McDonald’s: ‘Shock’ rise in sugar and salt in burgers

The amount of salt and sugar in popular McDonald’s products has rocketed in the last 30 years.

A leaflet distributed by the chain in 1989 reveals how customers now consume more than double the amount of salt and almost four times the amount of sugar in a Quarter Pounder with Cheese.

The burgers had 2.6 grammes of sugar per serving in 1989, but that figure has now risen to 10 grammes per serving.

McDonald’s is the world’s largest restaurant chain, with more than 34,000 branches worldwide and 1.8 million employees.

Health specialists have voiced their concerns about the chain, which boasts 1,200 restaurants around the UK.

The 1989 leaflet shows sugar and salt content in some McDonald's products has doubled in 30 years
The 1989 leaflet shows sugar and salt content in some McDonald’s products has doubled in 30 years

Professor Graham MacGregor, chair of Action on Sugar, said: “These figures truly are shocking.

“At a time when both food manufacturers and the food service industry should be making strides to reformulate and reduce the amount of foods high in sugar, salt, saturated fat and calories, McDonald’s is clearly lagging behind.

“With PHE’s (Public Health England) plans to reformulate and cut excess calories consumption, this reinforces why it is imperative that the 20% calorie reduction targets are properly enforced and transparent.”

The 1989 leaflet, uncovered by The Sun newspaper, shows how the content of the restaurant’s menu has changed over the last three decades.

A cheeseburger has gone from having 0.4 grammes of salt and two grammes of sugar, to now containing 1.2 grammes of salt and 6.6 grammes of sugar.

A table showing the nutritional information of McDonald's products in 1989. Picture: The Sun
A table showing the nutritional information of McDonald’s products in 1989. Picture: The Sun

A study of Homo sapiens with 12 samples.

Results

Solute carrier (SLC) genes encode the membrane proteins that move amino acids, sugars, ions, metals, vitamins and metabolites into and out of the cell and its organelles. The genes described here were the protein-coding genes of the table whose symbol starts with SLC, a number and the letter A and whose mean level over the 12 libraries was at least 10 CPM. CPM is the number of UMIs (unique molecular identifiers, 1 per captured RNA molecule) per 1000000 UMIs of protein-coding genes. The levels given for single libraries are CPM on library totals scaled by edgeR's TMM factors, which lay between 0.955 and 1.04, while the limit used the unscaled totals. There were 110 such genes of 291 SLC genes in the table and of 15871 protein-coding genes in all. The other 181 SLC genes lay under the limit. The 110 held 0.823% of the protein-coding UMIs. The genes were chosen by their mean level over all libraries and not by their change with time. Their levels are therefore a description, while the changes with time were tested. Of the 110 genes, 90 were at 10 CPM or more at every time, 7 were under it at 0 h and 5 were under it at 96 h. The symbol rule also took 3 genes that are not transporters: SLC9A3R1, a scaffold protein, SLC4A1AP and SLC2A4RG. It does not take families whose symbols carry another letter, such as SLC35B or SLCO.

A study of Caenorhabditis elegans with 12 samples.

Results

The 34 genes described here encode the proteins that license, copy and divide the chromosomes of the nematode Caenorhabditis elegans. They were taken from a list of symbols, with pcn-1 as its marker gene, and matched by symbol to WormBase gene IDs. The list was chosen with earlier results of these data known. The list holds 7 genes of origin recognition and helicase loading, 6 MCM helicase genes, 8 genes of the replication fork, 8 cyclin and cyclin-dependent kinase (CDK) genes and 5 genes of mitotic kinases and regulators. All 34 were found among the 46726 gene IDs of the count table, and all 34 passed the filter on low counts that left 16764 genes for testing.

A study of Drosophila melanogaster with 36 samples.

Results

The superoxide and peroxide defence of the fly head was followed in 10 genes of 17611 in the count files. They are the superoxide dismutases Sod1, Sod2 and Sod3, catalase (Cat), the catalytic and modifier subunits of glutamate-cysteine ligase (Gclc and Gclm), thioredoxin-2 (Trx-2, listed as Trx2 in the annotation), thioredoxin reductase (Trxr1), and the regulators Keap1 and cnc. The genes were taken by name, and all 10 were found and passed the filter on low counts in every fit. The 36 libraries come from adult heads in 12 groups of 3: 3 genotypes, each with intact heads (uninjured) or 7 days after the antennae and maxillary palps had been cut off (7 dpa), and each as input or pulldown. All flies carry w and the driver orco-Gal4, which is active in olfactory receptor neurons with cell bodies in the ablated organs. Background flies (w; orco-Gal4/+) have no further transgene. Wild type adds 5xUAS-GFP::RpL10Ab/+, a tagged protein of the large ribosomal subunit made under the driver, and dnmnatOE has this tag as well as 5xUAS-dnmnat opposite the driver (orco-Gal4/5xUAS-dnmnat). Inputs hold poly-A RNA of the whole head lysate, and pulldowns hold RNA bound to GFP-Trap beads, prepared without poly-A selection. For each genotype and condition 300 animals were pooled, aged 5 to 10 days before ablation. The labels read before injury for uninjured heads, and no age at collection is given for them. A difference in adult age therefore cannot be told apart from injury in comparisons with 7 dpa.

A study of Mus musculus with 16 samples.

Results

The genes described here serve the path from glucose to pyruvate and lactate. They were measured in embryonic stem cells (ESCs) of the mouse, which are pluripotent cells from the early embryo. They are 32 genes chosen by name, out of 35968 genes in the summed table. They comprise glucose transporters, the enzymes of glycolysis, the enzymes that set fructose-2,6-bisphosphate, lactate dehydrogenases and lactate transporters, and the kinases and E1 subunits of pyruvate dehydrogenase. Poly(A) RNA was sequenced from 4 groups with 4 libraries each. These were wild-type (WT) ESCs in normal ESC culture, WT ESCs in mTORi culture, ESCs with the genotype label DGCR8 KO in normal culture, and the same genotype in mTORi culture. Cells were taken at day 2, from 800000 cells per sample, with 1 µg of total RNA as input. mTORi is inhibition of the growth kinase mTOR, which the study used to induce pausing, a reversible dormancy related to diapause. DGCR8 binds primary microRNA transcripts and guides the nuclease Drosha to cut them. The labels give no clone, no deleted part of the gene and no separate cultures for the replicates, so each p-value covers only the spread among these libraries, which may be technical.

The number of calories in a large portion of fries is up from 335 kilocalories to 444 kilocalories, while a strawberry milkshake has 57 grammes of sugar in it now, compared to 48 grammes in 1989.

A Big Mac has three times the amount of sugar and more than double the amount of salt.

But there is some good news for fans of the chain, with the number of kilocalories in Chicken McNuggets falling from 276 to 270 and the amount of fat also reducing slightly from 16.4 grammes to 16 over the same period.

It is not known whether the size of portions has changed since 1989.

In the UK, it is estimated McDonald’s serves three million customers every day.

A spokesperson for McDonald’s said: “We’ve worked hard to improve our recipes and to reduce fat, salt and sugar across our entire menu, without compromising on the taste that our customers love.

“Since 2005, we’ve reduced the salt content across our entire menu by nearly 35%, the trans-fat content of our cooking oil by 94% and saturated fat by 83%, and almost 90% of our standard food and drink items now contain fewer than 500 calories.


“Our support for Public Health England’s One You campaign, to provide meal options of 400 and 600 calories, is an extension of this, and part of our ongoing commitment to continue to work in partnership, to help people confidently make informed choices about what they eat at McDonald’s.”